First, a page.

Tuesday, February 11, 2020
Workshop 1: LED Optical Design: How to Start and Where to Go-15 Years in 4 Hours
8:00 a.m. - 12:00 p.m.
The basic principles of LED optics are straightforward but the application of this art mixed with science take years to master. You will hear from a veteran, practical designer showing worked out examples from sketch to full production. Audience participation will be encouraged as each product example is analyzed from a product marketing perspective leading to relevant optical requirements. While the focus will be LED optics, aspects of thermal engineering, mechanics and electronics will be interwoven providing a systems view with the main goal being light control and quality. Several software tools will be showcased but any main line program may be used to develop cost optimized LED light control optics. All are welcome and will benefit from this half day seminar. The open forum format will encourage questions and debate with the only goal to learn together how to make great LED lighting products.
Workshop 2: LED Lighting Standards and Methods of Measurement
8:00 a.m. - 12:00 p.m.
This workshop contains two sections. The first section is the overview and the update for the latest standards for LED and LED lighting from industry and the U.S. governments. In particular, the recent work being carried at ANSI/NEMA, IES, UL, ASABE, U.S. EPA, DLC, etc. for LED lighting applications. The second section introduces the standardized methods of measurements for LED packages and LED lighting products. It provides detailed explanations for the objectives, procedures, and rationale for measuring, testing and projecting the long-term behaviors of the LEDs and LED lighting products' characteristics including photometry, radiometry, colorimetry, spectrum, luminous flux and color maintenance, thermal resistance, failure rate, etc. This workshop has been widely attended by interested parties from manufacturers, lighting design and specification communities, energy management programs, and other lighting practitioners.
Workshop 3: What to Build and When to Build it. Scenario Planning and Decision Support Workshop for Lighting and Technology Companies
8:00 a.m. - 5:00 p.m.
Lighting and technology companies today face complex challenges in planning products and systems including: 1) the intrusion of IT and big data into many industries, especially lighting; 2) rapid change in technology following a period of many decades of relative stasis in lighting; 3) incomplete understanding of rates of adoption and replacement; 4) a business culture that assumes “disruption” and blitzscaling that work for IT and consumer electronics also work for lighting; and 5) lack of perspectives on and tools for envisioning and managing the future of lighting, controls, and building technology.
This daylong workshop combines insights and tools from diverse sources: scenario planning; advanced midrange crowd-sourced forecasting; and behavioral economics. Workshop registrants will receive a pre-workshop primer with preparatory material, including macro scenarios that the speaker team has developed. The workshop begins with presentations from the panel that provide relevant ideas, case studies, and examples of improved decision making and successful strategy in different companies. Then teams are formed, each is given a specific hypothetical product roadmap with one or more critical decisions and challenged to think it through, creating 3-4 different scenarios that are used to test assumptions, test ideas, and set metrics for success. Each team then presents its scenarios to the speaker panel, who pose as investors interested in funding the project and offer comments and feedback.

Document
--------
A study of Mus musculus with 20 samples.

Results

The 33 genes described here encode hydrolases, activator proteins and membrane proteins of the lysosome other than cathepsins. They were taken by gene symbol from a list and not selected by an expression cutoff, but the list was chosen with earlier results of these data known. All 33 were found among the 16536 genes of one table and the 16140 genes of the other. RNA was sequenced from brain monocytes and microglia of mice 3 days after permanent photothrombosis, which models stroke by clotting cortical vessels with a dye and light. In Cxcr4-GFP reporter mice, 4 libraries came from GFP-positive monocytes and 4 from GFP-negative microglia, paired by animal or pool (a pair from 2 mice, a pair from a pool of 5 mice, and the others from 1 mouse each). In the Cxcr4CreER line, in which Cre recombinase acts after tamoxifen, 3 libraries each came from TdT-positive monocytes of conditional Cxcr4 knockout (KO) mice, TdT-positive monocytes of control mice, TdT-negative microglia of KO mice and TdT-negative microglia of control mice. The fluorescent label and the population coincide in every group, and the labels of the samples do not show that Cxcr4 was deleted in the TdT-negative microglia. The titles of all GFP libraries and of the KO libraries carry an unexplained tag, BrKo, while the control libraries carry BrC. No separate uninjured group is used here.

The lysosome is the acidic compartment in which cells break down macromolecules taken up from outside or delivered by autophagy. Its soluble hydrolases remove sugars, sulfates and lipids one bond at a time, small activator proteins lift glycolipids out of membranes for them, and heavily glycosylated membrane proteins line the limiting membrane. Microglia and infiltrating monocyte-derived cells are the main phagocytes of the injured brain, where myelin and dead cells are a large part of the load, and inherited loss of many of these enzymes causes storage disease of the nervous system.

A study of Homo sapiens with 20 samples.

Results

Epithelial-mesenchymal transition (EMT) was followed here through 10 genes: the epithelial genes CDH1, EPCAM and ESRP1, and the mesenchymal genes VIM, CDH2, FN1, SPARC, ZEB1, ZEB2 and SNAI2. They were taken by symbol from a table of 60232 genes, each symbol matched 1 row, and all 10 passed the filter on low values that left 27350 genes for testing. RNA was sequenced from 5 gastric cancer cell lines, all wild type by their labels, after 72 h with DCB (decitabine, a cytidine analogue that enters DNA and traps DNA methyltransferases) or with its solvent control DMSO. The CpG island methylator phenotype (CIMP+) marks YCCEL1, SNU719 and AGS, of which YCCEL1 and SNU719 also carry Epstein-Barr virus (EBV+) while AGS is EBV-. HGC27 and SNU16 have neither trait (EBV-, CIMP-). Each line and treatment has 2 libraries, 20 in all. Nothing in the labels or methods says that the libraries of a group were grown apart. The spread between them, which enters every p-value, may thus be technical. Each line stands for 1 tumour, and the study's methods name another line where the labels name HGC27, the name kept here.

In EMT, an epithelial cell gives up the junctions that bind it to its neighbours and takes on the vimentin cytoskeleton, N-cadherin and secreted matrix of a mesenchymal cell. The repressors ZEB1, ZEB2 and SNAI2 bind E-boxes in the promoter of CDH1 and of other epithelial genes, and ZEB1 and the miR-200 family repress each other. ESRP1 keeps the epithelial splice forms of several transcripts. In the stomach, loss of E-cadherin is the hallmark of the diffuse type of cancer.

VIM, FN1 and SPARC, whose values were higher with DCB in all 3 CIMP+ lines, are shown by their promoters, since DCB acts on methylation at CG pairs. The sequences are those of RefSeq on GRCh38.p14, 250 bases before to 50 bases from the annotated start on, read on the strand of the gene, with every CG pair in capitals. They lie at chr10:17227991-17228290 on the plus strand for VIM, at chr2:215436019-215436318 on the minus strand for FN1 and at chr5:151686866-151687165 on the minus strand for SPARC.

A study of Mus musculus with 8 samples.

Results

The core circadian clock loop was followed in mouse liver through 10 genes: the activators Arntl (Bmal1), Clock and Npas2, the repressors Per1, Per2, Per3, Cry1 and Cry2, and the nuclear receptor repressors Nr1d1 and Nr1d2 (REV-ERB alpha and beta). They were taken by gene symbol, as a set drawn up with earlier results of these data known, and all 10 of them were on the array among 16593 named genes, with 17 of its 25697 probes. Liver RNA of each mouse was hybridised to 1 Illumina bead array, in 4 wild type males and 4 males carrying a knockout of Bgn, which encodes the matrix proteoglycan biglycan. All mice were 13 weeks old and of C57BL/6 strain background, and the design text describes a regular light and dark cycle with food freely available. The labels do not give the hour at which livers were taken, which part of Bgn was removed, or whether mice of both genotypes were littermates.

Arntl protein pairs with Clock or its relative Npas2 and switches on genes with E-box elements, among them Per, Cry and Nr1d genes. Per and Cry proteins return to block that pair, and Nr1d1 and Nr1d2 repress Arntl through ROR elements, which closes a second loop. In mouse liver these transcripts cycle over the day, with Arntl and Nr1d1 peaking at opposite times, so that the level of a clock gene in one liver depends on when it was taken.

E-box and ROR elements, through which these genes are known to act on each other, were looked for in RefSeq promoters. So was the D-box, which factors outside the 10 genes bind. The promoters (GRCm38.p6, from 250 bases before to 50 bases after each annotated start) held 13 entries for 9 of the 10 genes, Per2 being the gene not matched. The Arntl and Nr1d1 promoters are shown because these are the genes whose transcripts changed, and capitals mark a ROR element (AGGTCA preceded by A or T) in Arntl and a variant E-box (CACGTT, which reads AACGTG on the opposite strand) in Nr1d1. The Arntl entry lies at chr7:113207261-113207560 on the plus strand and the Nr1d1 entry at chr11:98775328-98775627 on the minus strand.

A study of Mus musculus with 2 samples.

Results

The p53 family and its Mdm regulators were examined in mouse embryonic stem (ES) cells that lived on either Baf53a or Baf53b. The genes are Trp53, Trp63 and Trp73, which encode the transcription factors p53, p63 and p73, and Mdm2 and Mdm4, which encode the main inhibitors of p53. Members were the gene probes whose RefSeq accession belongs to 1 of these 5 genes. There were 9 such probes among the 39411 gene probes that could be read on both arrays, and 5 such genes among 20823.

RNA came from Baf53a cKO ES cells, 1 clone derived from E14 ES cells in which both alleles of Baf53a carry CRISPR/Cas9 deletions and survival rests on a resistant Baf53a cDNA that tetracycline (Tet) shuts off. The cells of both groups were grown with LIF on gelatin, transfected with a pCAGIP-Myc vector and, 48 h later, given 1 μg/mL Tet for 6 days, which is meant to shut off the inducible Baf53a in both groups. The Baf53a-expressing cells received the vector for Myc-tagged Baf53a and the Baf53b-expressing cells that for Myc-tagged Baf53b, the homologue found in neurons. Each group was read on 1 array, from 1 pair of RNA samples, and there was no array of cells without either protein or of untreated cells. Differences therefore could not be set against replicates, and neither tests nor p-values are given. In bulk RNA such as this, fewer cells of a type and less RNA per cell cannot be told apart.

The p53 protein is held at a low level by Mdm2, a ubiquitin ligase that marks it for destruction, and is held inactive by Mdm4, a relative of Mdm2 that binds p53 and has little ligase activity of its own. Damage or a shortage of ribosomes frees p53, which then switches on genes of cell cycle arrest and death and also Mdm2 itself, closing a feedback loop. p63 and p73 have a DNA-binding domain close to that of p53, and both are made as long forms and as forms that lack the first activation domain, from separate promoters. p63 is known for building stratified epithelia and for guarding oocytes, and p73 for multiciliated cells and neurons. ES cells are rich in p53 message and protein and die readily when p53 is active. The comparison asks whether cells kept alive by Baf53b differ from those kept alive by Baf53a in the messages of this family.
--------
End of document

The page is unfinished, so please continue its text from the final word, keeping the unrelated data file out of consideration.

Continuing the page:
The workshop is designed for product managers, engineers, designers, sales and marketing professionals, specifiers, technical advisors, and C level company officers, consultants, and investors in lighting and electronics manufacturing companies who need strategic decision support tools to help manage technology development and integration, sales and marketing, operations, logistics, SKU proliferation, certifications, code compliance, and supply chain coordination.
1. Improve product roadmap decisions in assessing and implementing new technologies, allocating development resources, investing, marketing, and product management
2. Use new perspectives on changes in adoption and replacement of components, systems, and infrastructure of communications, controls, lighting, and power distribution
3. Crowdsource collaborative networks with diverse views that test assumptions, key questions, roadmaps, and strengthen forecasting
4. Stimulate deep imagination and visualization by understanding, then moving beyond the limits of the past to actively creating the future
Workshop 4: Patent Workshop
1:00 p.m. - 5:00 p.m.
The first half of the course will focus on obtaining patent rights. Using LED industry hypotheticals, you will learn how to maintain patent rights by being diligent. We will also discuss what research should be done prior to filing for a patent, and how to decide what kinds of things to patent and what things should not be patented. The second half of the course will focus on patent litigation with a particular emphasis on the LED industry. With the amount of litigation in the LED industry steadily rising, having a basic understanding of litigation is crucial for lighting companies both large and small. Topics to be covered will include: recent trends in patent litigation; patent holders in the LED industry embarking on litigation and licensing programs; and the mechanics of litigating patents in the US including what to do and expect when sued for infringement.